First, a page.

This movie is part of the collection: Prelinger Archives
Producer: Wilensky (Stewart)
Audio/Visual: Sd, C
Keywords: New York City: History; Counterculture; Bohemianism
Creative Commons license: Public Domain
Did you run out of Prosac? No worries, just watch this short film. It'll smoothe away all the wrinkles of your worried mind. It's images of Greenwich Village in the 1960's seems very authentic. The Village is portrayed as innocent (which it mostly was) and varied (which it most certainly was). Except for a brief beat poem, the sound of the short is a combination of the narrators calming voice and a bizarre (yet soothing) jazz-flute and guitar soundtrack.
Highs: It could relax a comodities trader.
Lows: Not really gripping.
Subject: Deb's Nostalgie de la Boue
This interesting film-- whom was it aimed at?-- depicts a young debutante as she dallies dangerously on the fringes of beat society.
She wears a demure striped separate set with a peter pan collar, telling us that she is from "somewhere else", and her parents would likely kill her if they knew she was rubbing elbows with this artsy riffraff.
A Neil Diamond-looking tough with a greasy D.A. and a folk guitar on his back seems to be stalking her all over the Village. They never quite hook up, though.
No mention, of course, is made in this 1960 film, that Greenwich Village was a mecca for gays and heroin addicts-- even in 1960. A black guy rates a moment in this film's spotlight-- but no queers!
It's interesting to me how, even though Greenwich Village was meant to be "artsy", that everyone's clothing in this film is so drab-colored... most people are wearing neutrals and monochromes. No wonder "The Sixties" had to happen.
If you don't know about Jean Shepherd, check out his (now vintage) radio shows.
Subject: A vanished Greenwich Village
In this film we follow a prim young woman in white gloves as she explores Greenwich Village on a Sunday afternoon. She walks off the Fifth Avenue bus at Washington Square and straight into a "hootenanny." This is a corny, but charming look at the Village in the early sixties in the transitional period between the "beat' generation and the rise of the later sixties counter-culture. The best scenes are when we actually hear the folksingers singing bluegrass tunes around the Washington Square fountain and the beat poet reading in a grubby coffeehouse. These scenes have real documentary value. The film's use of actors to try to create a story gives it an amateurish feeling, but that same amateurism is what also gives the film its charm. It was nice to see the old Italian Greenwich Village with the street market and the stickball and bocce players, who are now long gone. The Greenwich Village portrayed here looks like a shabby, tolerant place where ordinary people could afford to live. Alas, that is no more.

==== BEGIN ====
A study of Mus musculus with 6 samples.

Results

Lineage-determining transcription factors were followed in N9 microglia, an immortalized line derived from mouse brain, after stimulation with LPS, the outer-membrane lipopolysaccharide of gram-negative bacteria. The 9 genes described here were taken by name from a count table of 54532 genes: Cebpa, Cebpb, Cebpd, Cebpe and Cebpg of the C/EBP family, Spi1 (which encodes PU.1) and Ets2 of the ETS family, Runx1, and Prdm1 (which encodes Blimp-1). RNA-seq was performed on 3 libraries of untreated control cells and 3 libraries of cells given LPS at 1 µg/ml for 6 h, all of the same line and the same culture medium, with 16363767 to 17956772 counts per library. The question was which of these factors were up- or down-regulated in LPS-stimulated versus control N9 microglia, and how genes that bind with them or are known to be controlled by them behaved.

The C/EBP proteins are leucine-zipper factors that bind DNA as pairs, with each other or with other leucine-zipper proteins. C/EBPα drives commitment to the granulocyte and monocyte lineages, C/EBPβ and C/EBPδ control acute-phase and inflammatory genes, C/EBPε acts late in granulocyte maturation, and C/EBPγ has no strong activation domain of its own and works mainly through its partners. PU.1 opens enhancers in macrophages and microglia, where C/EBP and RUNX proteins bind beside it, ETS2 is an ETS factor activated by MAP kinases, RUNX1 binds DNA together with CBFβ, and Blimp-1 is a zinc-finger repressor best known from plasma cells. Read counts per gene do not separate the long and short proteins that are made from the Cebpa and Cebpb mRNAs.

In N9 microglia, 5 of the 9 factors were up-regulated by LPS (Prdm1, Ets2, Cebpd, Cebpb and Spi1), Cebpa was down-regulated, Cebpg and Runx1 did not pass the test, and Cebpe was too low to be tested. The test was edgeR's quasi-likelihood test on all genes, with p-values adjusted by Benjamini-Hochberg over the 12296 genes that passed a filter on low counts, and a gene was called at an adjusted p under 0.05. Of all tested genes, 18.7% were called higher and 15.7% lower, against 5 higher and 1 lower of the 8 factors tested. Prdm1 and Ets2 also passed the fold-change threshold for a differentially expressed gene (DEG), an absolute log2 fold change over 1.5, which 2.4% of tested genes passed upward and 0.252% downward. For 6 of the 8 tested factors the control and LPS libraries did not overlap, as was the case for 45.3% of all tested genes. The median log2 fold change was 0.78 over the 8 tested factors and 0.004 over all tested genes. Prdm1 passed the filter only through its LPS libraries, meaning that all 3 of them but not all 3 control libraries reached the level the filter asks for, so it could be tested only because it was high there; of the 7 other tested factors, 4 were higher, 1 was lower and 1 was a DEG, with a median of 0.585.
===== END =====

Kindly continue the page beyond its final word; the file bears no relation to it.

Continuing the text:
Christine Hennig -
Subject: Ooh, look at all them hippies!
This laid-back early-60s film shows us street life in Greenwich Village on a Sunday. We see such things as sidewalk art displays, folksinging in the circle, and beatniks reciting poetry. This definitely brings back a memorable time and place, giving us a glimpse of the birth of the 60s counterculture. One rather silly aspect of the film is a prim woman in a striped dress and little white gloves who appears in almost every scene and reacts to things as if she was on Mars (though with a smile on her face). This film could have perhaps had more content to it, but then it wouldnt have been as laid back as a Greenwich Village Sunday.
Ratings: Camp/Humor Value: ***. Weirdness: ***. Historical Interest: *****. Overall Rating: ***.
Subject: Great Pictures, Dull Narration
I was excited when I read that the great Jean Shepherd was the narrator. He was among the hippest men in America in 1960. However in this film all he does is read the rather square travelogue type script and that's disappointing. However I really enjoyed the scenes shot in Washington Square Park where the folkies hung out singing their silly songs. The beat poet Ted Joans was kind of cool too.
Subject: I'm hep to that!
An interesting overview of 1960's New York (more specifically Greenwich Village). This film has the mood down pat, with the banjos, bongos and the hip language of the period. It takes us on a tour of everyday practices then (oh, maybe it hasn't changed) taking us through art exhibitions on the street, men playing bocce (sigh) and other sights. Although pretty much filled with interesting locals, I REALLY with they didn't include the obviously eyesore actors, who stick out like a sore thumb. But other then that, a highly enjoyable film! Reccomended!